July 30, 2007

Brandon Keim

A gene therapy that may have killed a clinical trial participant last week drew the concern of an expert review panel four years ago, reports the Washington Post.

The latest trial, sponsored by Seattle's Targeted Genetics, was designed to test a treatment for inflammatory arthritis. The people involved had a virus injected directly into their joints, where it delivered genes that blocked the production of tumor necrosis factor, the substance underlying the most crippling forms of arthritis.

In 2003, NIH reviewers asked the company why "such a novel and possibly risky approach was to be offered to patients who were not especially ill, including some who had not even tried standard treatments.

They also pointed out that animal studies had shown a limited benefit, that the therapy's risks hadn't been adequately documented, and that the company hadn't clearly told patients "that the study was unlikely to help them and was designed merely to test the new approach's safety." The company reportedly remedied these flaws, and the trial went ahead on 32 people, none of whom suffered serious side effects. The recent trial involved 100 people, one of whom became ill and died. Details about the death are unavailable at this time. It is possible that the death was coincidental.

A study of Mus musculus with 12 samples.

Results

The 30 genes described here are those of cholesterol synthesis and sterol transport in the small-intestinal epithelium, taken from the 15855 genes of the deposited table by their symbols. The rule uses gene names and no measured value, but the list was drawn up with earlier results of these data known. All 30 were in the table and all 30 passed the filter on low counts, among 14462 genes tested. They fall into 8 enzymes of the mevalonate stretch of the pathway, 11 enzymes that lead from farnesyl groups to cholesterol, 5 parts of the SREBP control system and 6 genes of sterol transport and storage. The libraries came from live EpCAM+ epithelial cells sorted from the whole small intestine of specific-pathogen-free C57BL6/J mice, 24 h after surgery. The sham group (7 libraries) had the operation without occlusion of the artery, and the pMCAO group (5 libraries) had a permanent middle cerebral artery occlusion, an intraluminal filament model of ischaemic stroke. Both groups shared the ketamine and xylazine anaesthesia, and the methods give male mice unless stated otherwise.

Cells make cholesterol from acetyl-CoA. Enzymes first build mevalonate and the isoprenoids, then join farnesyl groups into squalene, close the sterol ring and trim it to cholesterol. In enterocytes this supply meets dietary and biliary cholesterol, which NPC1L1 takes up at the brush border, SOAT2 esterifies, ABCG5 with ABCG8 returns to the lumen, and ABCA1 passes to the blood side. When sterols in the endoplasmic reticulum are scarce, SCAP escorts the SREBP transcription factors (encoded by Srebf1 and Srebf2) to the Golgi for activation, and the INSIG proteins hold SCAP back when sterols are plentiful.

According to the Associated Press, 28 other ongoing gene therapy trials involve the same virus, called adeno-associated virus or AAV. The FDA shut down the Targeted Genetics trial and is reviewing the others.

At this point, it's too soon to jump to conclusions about the therapy or the death. More on the facts as they become clear. There are, however, some broad lessons to be drawn -- foremost among them that, at this point, gene therapy should only be used to treat critical conditions, and shouldn't be tested in people when it doesn't help animals.

Last week we posted on what individuals should think about when considering taking part in a gene therapy trial. Please share this with anyone you know who could use it.